Let’s talk about the “bra strap” dress that Ivanka Trump wore to her father’s first address to a joint session of Congress last night, a pink, one-shouldered number reportedly by French designer Roland Mouret.
Its boudoir-ish black strap was meant to look like a bra strap, of course, and it heightened the sex appeal of Ivanka’s bare-shoulder look, which was perhaps better suited for date night than a speech in Congress.
It was an unconventional choice for such a serious occasion, which made it all the more un-Ivanka. Since moving to Washington, she’s glammed it up for black-tie affairs like the Governors Ball and the Alfalfa Dinner, but has otherwise dressed on the conservative side, particularly for meetings and appearances alongside her father. This is in keeping with the old Ivanka—the #WomenWhoWork entrepreneur whose own fashion line bills itself as “appropriately sexy.”
The old Ivanka would have likely chosen something safer and more traditional for a Capital Hill gathering where both chambers of commerce heard the president discuss budgets, foreign policy, and health care. Instead, she opted for a dress that Emily Ratajkowski, the chesty actress known for her less-is-more approach to dressing, might go for if she wanted to look modest. Or that Courtney Love would have worn to the Grammys ten years ago.
It looked all wrong on Ivanka, surrounded as she was by Democratic congresswomen in white suiting (the color is meant to represent women’s suffrage) and demurely dressed, seasoned politicos. First Lady Melania Trump also stood out in a Dynasty-esque, embellished black Michael Kors ensemble—more 1985 cocktail party than 2017 Congressional attire. But this seemed less out of step for Melania, who hasn’t been in the political spotlight as much as the president’s daughter, and who isn’t afraid to court the ‘wow’ factor in her choice of outfits—as per her audacious Jackie Kennedy-style get-up worn on Inauguration Day.
Ivanka, on the other hand, has long been known for having a more one-note, mainstream fashion sense. Indeed, there is nothing hip or offbeat about her eponymous clothing line, which she has worn more often than not over the years, including throughout her father’s campaign.
This helped her come across as an extension of her brand, which is creatively uninspiring but features plenty of serviceable, feminine basics in muted pinks and flower prints. Now that she’s no longer selling that image, the new Ivanka seems to be struggling to find her sartorial stride in her role as unofficial adviser and advocate for women’s economic empowerment in the Trump administration.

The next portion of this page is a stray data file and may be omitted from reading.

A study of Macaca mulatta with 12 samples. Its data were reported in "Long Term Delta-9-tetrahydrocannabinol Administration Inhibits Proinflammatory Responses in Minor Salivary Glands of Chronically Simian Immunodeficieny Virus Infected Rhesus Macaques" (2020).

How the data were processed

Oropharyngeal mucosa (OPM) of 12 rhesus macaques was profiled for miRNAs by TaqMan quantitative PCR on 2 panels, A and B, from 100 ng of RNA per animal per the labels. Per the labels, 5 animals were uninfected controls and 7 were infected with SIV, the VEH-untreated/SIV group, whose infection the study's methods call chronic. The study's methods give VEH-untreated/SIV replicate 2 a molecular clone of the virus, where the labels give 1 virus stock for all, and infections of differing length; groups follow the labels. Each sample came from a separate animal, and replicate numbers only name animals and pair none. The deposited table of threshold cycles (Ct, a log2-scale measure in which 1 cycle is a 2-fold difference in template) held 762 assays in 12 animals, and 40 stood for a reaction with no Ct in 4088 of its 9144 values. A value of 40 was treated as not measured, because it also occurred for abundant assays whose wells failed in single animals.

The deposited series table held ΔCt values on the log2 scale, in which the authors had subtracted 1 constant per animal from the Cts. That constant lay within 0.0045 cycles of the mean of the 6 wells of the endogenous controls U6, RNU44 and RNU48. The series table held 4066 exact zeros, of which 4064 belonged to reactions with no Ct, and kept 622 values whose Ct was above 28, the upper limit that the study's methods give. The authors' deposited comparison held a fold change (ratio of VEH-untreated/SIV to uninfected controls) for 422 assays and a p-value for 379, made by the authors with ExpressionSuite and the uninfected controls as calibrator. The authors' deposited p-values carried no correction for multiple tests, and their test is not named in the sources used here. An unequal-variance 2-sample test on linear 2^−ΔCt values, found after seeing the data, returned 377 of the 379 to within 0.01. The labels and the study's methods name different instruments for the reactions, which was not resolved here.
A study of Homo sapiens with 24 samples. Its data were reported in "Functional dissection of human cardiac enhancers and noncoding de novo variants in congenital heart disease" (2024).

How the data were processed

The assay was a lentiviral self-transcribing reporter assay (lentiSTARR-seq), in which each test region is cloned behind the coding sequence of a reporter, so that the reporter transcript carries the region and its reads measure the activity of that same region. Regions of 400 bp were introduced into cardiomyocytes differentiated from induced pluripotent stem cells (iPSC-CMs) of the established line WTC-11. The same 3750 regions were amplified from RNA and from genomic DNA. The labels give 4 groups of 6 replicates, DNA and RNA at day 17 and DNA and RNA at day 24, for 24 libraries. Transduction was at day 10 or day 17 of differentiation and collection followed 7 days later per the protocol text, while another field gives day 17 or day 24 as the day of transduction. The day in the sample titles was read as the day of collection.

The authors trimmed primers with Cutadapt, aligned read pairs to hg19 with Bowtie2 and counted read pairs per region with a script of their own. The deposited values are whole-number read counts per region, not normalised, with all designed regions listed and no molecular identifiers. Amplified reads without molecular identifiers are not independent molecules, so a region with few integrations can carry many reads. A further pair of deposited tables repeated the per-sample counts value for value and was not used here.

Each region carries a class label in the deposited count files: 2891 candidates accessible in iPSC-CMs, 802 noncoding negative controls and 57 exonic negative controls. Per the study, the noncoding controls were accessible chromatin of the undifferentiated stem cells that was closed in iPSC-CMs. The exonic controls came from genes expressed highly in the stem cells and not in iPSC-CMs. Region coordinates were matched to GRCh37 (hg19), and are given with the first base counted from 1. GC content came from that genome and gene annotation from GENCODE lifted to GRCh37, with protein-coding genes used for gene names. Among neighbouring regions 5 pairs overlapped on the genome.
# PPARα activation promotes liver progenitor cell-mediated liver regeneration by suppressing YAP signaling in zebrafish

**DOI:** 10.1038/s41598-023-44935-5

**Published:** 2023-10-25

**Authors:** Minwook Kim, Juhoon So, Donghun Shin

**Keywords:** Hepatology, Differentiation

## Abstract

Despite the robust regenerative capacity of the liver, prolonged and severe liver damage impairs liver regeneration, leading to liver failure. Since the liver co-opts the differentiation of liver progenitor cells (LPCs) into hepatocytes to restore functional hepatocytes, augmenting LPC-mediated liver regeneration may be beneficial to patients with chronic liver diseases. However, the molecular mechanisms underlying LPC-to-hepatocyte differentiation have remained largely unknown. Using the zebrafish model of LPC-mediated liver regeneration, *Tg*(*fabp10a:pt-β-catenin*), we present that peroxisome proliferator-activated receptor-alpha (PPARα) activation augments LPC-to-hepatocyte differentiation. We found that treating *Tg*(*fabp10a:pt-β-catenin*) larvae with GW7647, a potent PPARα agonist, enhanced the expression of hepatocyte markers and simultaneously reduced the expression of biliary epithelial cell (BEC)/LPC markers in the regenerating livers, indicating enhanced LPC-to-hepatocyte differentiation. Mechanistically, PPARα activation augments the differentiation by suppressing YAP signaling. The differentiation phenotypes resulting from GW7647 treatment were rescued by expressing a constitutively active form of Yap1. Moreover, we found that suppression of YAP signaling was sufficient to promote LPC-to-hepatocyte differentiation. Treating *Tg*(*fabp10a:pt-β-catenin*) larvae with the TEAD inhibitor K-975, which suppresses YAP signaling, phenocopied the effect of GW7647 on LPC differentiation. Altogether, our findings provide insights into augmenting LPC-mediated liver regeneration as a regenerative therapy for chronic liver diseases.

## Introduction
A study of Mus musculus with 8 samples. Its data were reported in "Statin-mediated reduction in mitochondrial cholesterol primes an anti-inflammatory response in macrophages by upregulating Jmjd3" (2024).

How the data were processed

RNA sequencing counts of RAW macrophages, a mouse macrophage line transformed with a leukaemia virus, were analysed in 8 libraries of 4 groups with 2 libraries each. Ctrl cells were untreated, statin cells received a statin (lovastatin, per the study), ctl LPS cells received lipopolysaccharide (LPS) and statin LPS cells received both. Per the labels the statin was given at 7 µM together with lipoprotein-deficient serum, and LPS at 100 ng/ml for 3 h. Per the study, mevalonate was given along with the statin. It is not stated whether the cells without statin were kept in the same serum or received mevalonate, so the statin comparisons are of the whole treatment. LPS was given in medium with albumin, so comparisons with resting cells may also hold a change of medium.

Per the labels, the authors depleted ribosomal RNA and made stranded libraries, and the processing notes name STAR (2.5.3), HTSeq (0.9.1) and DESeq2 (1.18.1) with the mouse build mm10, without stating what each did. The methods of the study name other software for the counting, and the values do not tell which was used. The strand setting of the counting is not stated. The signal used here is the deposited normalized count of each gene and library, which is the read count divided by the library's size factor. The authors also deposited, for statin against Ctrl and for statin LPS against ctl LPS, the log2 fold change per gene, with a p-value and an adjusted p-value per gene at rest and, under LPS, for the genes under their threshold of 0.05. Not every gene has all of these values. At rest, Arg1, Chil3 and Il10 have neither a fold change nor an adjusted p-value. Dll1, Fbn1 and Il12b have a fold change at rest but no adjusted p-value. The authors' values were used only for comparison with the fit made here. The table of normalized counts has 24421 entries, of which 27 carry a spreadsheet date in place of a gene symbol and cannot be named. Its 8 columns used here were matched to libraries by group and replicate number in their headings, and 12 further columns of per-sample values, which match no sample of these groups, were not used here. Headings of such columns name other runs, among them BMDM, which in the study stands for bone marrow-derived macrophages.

Take, for instance, the black choker she wore with a red and black blazer earlier Tuesday in the Oval Office, while President Trump signed a pair of bills that encourage women to enter fields like environmental sciences and information technology. (“Gender diversity in #STEM is key to empowering women & girls. @realDonaldTrump signed two bills bringing us closer to #ClosingTheGenderGap,” Ivanka tweeted of the occasion, along with a picture of herself and other women surrounding the president.)
Ivanka has worn chokers in the past, but they hardly suit her style. The ‘90s throwback necklace saw a trend resurgence last year and was spotted on the Kendall Jenner and Bella Hadid types at Coachella, which is about as far from Ivanka’s scene as Williamsburg. The rocker-chic, goth princess look isn’t suited to an Upper East Side real estate heiress turned fashion entrepreneur, particularly one who has looked and played that part to an exacting degree.
The bills Trump signed are geared towards younger women, and Ivanka seemed to be striving to appeal to that demographic with her ribbon-like neck accessory. But the effect was too try-hard, and the choker looked particularly strange paired with her boxy red blazer.
The color-block skirt that Ivanka wore while visiting Boeing’s headquarters in South Carolina several weeks back was a statement-making piece that drew attention to the first daughter’s presence that day.
Aesthetically, this was one of the more creative separates Ivanka has ever worn. It also seemed an unsubtle suggestion that, despite claiming she’d only act as a “daughter” in the White House, Ivanka is an increasingly prominent political force in her father’s administration.
Ivanka looks most like herself when she dresses more classically—in pointy-toed black flats, fitted black slacks, and a black turtleneck, for instance, while playing with her son in the White House.
Perhaps it’s “unfair,” as Trump would say, to parse and harshly judge some of the first daughter’s recent sartorial decisions. She has thrown herself into her new role as unofficial adviser to the president and an advocate for women’s economic empowerment in the Trump administration. We don’t know whether she will be the leveling force on her father as foreseen by some. But her fashion missteps indicate that she’s struggling to navigate her transition from real estate mogul and fashion entrepreneur to political operative.